One has to be really careful with the hokku of Buson, because he can often be quite contrived and artificial. Now as you know, I favor objective hokku, and to find that in Buson one must carefully pick and choose among his verses. You will recall that Buson was a painter as well as a writer of hokku, and often his desire to create a certain effect wins out over realism.
Today we will look at a winter hokku of Buson.
Shigururu ya nezumi no wataru koto no ue
Cold-rain ya mouse ‘s crossing koto ‘s on
A mouse walks across
Shigeruru is winter rain falling, thus cold rain. Technically, nezumi could be translated either as “mouse” or “rat,” because Japanese did not make a clear distinction, but in this case a mouse — because of its size — is more appropriate. A koto is of course a quite long stringed instrument placed on the floor.
This hokku gives us a sense of being in an interior as cold rain falls outside. We hear the rain, and along with it, we hear sudden, faint musical sounds as a mouse walks or scurries across the strings of the koto.
We could emphasize the sound by translating it as;
A mouse creeps across
That way we hear the mouse making “k”- “k”-“k” sounds as he moves — formed by the “c” in creeps, in across, and the same sound in the “k” of koto. That rendering makes the movement of the mouse across the koto rather slow.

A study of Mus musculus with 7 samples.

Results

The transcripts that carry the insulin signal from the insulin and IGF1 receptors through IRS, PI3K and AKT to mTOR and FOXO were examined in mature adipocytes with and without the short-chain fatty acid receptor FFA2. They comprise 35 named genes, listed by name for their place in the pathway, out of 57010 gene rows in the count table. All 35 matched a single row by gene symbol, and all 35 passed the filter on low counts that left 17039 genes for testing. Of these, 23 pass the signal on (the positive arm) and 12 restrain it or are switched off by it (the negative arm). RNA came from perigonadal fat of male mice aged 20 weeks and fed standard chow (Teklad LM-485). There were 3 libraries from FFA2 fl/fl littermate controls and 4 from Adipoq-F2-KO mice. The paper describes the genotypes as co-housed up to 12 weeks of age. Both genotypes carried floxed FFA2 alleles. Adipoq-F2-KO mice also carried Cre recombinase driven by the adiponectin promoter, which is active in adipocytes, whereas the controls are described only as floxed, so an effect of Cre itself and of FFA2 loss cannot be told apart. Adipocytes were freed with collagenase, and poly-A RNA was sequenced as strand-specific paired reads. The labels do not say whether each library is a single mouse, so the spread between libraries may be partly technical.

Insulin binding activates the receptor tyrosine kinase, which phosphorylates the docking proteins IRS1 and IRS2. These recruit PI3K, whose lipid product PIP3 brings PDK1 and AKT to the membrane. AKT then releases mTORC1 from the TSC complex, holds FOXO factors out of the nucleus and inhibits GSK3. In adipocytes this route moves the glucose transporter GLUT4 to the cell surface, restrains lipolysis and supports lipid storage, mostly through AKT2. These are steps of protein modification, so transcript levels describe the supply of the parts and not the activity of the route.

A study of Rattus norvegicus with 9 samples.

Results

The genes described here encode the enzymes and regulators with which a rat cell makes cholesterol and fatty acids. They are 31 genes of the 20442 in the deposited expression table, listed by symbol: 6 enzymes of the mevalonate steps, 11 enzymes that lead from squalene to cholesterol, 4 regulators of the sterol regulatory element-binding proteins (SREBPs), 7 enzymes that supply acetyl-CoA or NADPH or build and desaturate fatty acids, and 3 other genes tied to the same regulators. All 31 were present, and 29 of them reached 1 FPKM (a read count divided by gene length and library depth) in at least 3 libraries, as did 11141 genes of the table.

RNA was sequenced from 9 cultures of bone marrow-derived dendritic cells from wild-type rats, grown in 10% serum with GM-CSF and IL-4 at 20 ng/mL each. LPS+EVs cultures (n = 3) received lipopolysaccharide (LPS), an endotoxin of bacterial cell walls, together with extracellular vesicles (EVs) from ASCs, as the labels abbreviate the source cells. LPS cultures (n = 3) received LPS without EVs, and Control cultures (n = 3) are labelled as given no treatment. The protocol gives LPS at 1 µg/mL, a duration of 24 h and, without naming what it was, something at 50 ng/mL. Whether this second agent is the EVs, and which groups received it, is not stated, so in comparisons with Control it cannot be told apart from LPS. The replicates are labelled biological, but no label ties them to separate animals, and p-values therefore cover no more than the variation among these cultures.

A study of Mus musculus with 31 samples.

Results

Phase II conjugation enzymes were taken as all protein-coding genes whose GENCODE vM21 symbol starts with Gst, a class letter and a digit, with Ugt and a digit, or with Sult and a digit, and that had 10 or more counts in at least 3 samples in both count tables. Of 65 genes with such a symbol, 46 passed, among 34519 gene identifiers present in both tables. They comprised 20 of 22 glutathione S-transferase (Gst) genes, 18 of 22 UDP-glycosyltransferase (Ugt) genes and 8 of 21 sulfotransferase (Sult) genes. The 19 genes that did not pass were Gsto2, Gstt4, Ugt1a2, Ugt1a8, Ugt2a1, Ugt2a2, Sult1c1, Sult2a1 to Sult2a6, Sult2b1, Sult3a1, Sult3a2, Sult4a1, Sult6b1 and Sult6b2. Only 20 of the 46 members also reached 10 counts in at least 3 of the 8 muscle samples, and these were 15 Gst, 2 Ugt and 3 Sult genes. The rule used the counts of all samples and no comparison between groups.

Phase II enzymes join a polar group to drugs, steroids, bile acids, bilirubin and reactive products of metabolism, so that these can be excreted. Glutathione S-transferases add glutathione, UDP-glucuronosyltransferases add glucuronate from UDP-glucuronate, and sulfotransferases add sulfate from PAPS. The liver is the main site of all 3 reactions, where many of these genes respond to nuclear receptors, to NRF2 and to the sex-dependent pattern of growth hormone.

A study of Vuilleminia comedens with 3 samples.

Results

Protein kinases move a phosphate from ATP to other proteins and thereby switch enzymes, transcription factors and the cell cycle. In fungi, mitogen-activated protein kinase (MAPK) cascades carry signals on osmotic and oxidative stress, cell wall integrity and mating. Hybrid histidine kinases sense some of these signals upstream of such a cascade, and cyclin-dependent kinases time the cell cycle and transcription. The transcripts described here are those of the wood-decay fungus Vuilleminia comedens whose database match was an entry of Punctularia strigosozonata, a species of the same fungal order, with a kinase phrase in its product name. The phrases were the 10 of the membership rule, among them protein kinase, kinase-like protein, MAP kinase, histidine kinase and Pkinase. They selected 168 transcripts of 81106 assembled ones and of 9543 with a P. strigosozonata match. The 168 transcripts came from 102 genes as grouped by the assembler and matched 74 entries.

Some of you may have seen the translation of this verse by W. S. Merwin. He makes the hokku into a question — asking “Is it a winter shower / or a mouse running / across the koto strings?” But that, in my view is doing damage to the verse through mistranslation, because it is not at all written as a question, and the writer is not asking a question. Instead, the original hokku gives us the chill of the air in the room as cold rain falls in the background, and against that background, we hear the faint sound of the friction of the mouse disturbing the strings (unmentioned but implied in the original) of the koto as he passes over them.
Notice that in the original, the sound (like the strings) of the koto is not even mentioned, nor is that of the rain — but they are understood by implication.